Turning the clock back and forth

I support ending this stupid practice.


Ahem.

“Americans always comment on how polite and nice we are,” he said.

But it does not mean he can resist a maple leaf bumper sticker. “’I’m Canadian, f— you,’ that’s my mentality, and I’m not afraid to say it,” he said.

Also:

In the distant reaches of central Europe, there are apparently enough fond feelings for Canada that the region can support a periodical on the topic: The Central European Journal of Canadian Studies.

Sounds riveting.

Entitled

One of the more repulsive ingredients in the legislative sausage these days is the manipulative naming of bills. In its most grotesque form it involves naming the bill after some tragic victim of whatever crime the bill is supposed to prevent or upgrade from illegal to super-duper illegal. Type “[popular girl’s name]’s law” into Google and you’re almost guaranteed to turn up some legislative push, usually surrounding child molestation or abduction. And since these are already criminal offences, the laws are usually desperate attempts on the part of politicians to show how much they care by doing something.

On a related note, Canada’s Conservatives have picked up the bad habit of giving their proposed legislation prejudicial names as well. Thus, the “Fair Elections Act”. Whatever the merits of the bill, does it really need such a heavy handed title? Have our elections—including the one that brought the current government to power—been hitherto unfair? I don’t see how this even works. It should have been obvious that opponents of the bill were going to respond by attaching the entirely predictable prefix. Inevitably this is the sort of thing you get when you put the most mindless of mindless partisans in charge of “reforming democracy”.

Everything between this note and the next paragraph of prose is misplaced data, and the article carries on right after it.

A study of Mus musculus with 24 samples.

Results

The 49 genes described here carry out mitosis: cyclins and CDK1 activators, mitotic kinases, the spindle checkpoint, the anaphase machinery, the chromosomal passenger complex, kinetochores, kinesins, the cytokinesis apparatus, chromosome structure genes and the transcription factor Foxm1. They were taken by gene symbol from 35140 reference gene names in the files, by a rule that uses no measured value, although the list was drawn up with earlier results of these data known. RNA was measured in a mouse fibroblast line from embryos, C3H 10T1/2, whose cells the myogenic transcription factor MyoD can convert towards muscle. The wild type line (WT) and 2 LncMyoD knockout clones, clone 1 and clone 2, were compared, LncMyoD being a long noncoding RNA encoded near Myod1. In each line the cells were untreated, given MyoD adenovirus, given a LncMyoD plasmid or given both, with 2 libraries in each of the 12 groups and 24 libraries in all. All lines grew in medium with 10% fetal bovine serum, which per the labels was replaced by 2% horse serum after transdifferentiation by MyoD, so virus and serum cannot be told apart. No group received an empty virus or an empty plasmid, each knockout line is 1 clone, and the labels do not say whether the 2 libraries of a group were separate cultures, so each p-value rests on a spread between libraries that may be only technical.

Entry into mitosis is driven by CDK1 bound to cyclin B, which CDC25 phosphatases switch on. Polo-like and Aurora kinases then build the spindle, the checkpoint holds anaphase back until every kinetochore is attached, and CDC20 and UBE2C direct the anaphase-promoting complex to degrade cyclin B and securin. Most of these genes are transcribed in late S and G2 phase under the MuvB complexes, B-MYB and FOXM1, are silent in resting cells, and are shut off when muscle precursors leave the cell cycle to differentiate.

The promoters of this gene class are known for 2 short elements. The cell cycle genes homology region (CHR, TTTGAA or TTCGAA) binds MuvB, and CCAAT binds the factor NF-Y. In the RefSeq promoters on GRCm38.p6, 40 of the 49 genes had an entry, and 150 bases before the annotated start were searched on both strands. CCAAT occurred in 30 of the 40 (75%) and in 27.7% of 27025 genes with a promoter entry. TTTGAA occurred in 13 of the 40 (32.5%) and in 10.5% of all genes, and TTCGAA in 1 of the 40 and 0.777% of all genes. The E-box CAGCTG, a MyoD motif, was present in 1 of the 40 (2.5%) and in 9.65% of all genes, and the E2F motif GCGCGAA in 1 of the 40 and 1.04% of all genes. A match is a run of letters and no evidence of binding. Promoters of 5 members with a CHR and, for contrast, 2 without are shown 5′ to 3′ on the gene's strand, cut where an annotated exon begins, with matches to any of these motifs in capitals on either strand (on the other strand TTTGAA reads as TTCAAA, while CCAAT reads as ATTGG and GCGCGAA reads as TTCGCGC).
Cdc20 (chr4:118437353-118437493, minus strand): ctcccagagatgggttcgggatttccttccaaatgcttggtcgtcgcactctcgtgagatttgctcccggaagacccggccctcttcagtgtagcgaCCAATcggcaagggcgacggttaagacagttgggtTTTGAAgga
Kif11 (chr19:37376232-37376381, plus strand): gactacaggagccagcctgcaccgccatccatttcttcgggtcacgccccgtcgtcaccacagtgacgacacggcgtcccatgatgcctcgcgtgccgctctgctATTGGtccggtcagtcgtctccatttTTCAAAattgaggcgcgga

If it were up to me, I’d pass a law mandating that bills before parliament be given dull names like “An act modifying the Elections Act.” Of course parliament can’t bind its successors that way, but what are the odds that more than one in ten politicians could give a concise definition of parliamentary sovereignty without looking it up?

House of Cards

Andrew Klaven, on the milieu of House of Cards:

This is devastating to left-wing philosophy, because the central flaw of leftism is not its ceaseless cynicism about business, individualism, religion, or the common man—it’s that its cynicism evaporates into unicorn-and-rainbow stupidity when it comes to government.

What we are seeing here is the return of geography

I considered posting on the topic du jour (des dernieres semaines, I suppose, by now): the Ukraine, or just Ukraine. (The definite article has been dropped by the people who decide how we ought to talk today. The ‘the’ has been deprecated, according to Wikipedia, which also suggests that the editors of Wikipedia learn how to write by reading software manuals.)

But anything I might have had to say on the topic has been better said at greater length by people with far more knowledge. I have however, discovered this useful guide.